On the issue of deporting aliens who committed crimes: Trump’s order does not create any new basis for deportation. The executive order relates only to those aliens who are already deportable and committed crimes. The order puts aliens charged with minor offenses in the same enforcement priority as undocumented aliens convicted of violent crimes. Not smart.
This is a very populist but ineffective and impractical step. It would have made sense if ICE had already exhausted the pool of the violent criminals and had extra available resources. But they do not. This a step backwards to the times when lazy ICE officers went after international students, while failing to find and detain violent criminals.
Under the Immigration Laws, all immigrants who violated their status or entered illegally are deportable. This has been the law for decades and remains today. Historically, there were no established priorities in enforcement. Immigration & Customs Enforcement (ICE) was initiating removal proceedings against every undocumented alien, whom they could easily find. The easiest target, for example, were students who fell out of status, because ICE has a digital system linked with schools (SEVIS) monitoring all international students’ statuses and addresses. So, as soon as a foreign student fell out of status, ICE officers would pay a visit and detain such student. This was an easy way for ICE to do their job and sort of fill their quota.
In 2009, Obama administration, began prioritizing the enforcement by instructing ICE to focus enforcement on those undocumented aliens who committed violent or serious crimes. The purpose of prioritizing was not to parole non-criminal aliens but to focus on deporting those who posed danger to society. It was a logical result of long-realized reality that there was no practical way to deport estimated 12 million undocumented aliens, and therefore, there must be some prioritization.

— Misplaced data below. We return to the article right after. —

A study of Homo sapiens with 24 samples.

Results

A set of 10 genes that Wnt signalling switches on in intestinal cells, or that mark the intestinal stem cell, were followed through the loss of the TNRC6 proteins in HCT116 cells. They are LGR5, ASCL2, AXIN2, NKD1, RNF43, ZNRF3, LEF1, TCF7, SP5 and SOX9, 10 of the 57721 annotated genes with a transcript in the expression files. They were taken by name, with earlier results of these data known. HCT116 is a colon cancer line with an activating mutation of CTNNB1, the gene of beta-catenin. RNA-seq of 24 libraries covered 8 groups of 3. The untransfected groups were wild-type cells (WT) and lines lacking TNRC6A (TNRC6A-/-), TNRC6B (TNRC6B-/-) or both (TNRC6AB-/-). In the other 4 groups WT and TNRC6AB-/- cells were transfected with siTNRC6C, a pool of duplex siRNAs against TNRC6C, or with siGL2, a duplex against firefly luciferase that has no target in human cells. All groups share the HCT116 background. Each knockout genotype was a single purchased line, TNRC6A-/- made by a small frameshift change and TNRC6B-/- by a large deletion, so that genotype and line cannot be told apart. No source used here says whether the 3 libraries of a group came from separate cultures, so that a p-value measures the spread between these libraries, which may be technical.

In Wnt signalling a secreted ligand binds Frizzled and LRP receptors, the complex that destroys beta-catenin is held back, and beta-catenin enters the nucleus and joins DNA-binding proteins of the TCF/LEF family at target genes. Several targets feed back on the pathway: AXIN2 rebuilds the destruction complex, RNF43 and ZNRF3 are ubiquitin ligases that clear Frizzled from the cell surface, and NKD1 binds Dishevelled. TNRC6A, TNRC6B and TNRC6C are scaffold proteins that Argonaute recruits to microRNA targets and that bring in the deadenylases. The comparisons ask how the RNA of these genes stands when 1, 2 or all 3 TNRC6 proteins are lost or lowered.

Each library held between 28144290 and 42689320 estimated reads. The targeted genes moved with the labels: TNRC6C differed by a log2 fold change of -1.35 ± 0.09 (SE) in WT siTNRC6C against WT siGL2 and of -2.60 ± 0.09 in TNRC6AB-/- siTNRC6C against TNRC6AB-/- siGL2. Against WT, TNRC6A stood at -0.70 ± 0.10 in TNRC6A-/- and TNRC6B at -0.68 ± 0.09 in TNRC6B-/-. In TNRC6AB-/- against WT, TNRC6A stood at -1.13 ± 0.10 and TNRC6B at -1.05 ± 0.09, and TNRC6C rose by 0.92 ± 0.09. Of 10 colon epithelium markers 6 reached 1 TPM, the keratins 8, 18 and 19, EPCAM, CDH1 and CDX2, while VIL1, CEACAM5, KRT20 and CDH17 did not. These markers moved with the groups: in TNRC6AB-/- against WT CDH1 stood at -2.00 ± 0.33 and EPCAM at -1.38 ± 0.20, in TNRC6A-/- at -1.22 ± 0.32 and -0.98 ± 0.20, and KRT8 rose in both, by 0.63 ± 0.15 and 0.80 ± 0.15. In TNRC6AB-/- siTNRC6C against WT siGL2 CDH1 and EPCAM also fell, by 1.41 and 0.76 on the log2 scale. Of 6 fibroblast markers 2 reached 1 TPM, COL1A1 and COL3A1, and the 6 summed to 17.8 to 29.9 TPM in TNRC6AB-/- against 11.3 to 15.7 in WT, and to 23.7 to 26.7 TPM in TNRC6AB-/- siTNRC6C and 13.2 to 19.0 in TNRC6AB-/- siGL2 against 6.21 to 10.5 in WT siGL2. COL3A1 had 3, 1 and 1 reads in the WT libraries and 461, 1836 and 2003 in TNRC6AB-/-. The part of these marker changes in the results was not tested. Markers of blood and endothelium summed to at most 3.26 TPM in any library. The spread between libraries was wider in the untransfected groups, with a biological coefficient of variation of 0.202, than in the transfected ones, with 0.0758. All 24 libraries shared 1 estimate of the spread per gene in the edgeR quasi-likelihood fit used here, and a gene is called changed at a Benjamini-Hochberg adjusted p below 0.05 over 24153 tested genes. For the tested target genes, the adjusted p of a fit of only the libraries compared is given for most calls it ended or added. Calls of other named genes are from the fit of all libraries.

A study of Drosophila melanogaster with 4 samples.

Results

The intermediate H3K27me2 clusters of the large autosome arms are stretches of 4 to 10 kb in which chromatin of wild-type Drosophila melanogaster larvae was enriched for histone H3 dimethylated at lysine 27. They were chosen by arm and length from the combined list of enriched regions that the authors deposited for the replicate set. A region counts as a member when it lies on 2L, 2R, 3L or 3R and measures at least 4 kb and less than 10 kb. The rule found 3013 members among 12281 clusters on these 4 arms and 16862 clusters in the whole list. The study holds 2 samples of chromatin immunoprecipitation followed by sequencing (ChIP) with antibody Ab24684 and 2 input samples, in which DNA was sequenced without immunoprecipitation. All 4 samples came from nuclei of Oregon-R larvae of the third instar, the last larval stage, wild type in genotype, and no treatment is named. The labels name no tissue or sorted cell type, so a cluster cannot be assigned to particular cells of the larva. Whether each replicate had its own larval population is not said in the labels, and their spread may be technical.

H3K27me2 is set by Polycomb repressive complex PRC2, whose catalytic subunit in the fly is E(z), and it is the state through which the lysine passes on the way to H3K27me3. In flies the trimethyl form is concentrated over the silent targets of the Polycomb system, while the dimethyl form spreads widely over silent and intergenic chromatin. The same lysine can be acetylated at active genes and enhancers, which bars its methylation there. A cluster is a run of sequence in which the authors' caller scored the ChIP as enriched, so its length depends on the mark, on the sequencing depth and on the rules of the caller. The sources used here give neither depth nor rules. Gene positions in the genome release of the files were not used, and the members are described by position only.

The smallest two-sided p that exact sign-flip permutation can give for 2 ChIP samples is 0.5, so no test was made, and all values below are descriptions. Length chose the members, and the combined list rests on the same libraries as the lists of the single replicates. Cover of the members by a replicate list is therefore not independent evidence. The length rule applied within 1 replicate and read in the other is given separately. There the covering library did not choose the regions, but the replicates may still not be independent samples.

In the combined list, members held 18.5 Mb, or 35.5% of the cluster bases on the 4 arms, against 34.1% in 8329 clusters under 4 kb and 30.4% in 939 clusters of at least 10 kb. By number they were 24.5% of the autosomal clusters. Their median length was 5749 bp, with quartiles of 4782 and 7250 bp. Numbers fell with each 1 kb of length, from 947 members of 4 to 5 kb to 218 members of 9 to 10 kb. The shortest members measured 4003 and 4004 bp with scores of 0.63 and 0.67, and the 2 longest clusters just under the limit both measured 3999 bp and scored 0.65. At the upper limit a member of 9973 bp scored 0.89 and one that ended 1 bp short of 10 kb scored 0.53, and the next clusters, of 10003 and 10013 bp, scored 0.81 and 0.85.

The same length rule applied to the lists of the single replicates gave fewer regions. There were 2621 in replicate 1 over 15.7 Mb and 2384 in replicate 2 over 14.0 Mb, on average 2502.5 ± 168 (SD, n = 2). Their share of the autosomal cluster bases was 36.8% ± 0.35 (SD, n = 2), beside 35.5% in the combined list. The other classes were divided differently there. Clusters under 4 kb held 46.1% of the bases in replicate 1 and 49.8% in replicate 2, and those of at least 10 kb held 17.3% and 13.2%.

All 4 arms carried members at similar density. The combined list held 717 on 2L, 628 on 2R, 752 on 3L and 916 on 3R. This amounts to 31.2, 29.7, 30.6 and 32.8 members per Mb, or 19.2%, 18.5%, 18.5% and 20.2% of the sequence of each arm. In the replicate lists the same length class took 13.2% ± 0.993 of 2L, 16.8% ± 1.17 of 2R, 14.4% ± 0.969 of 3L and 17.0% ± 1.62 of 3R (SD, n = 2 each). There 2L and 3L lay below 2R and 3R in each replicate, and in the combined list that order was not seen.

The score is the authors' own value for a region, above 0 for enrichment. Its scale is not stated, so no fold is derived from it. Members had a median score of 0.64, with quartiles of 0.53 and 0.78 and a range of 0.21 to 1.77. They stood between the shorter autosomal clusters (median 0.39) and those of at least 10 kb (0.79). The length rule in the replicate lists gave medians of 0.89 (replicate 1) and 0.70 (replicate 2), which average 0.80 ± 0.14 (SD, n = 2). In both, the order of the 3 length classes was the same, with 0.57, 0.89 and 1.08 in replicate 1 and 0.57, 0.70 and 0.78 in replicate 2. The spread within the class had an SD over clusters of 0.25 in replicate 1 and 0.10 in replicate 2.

So, Obama administration stopped going after easy targets and focused on individuals convicted of crimes. In doing so, the administration prioritized the most violent and dangerous criminals first, putting them in removal proceedings through the US Immigration Courts.
Obama administration also attempted to streamline detaining criminal aliens and placing them in removal proceedings. This resulted in significant backlogs in Immigration Courts. Under the US constitution, even an allegedly undocumented alien allegedly convicted of a crime, has a right to due process. After all, there are numerous ways that a US citizen or permanent resident may get wrongfully detained and placed in removal proceedings. This happens frequently as a result of mistaken identity.
With the increase of enforcement, came backlogs in Immigration Courts. Now, the administration had to increase the sizes and number of Immigration Courts to be able to process the removals. But they could not, mostly because of the limited budget allocated by Congress. As such, an average removal case currently takes 2-4 years; sometimes 6-7.
Now, Trump’s executive order eliminates the difference between the violent crimes and minor offenses. Not a smart decision.
Ismail Shahtakhtinski, Esq. is the founder and principal attorney at I.S. Law Firm, PLLC, an international law firm representing individuals and organizations in a broad range of immigration matters with an emphasis on US asylum law.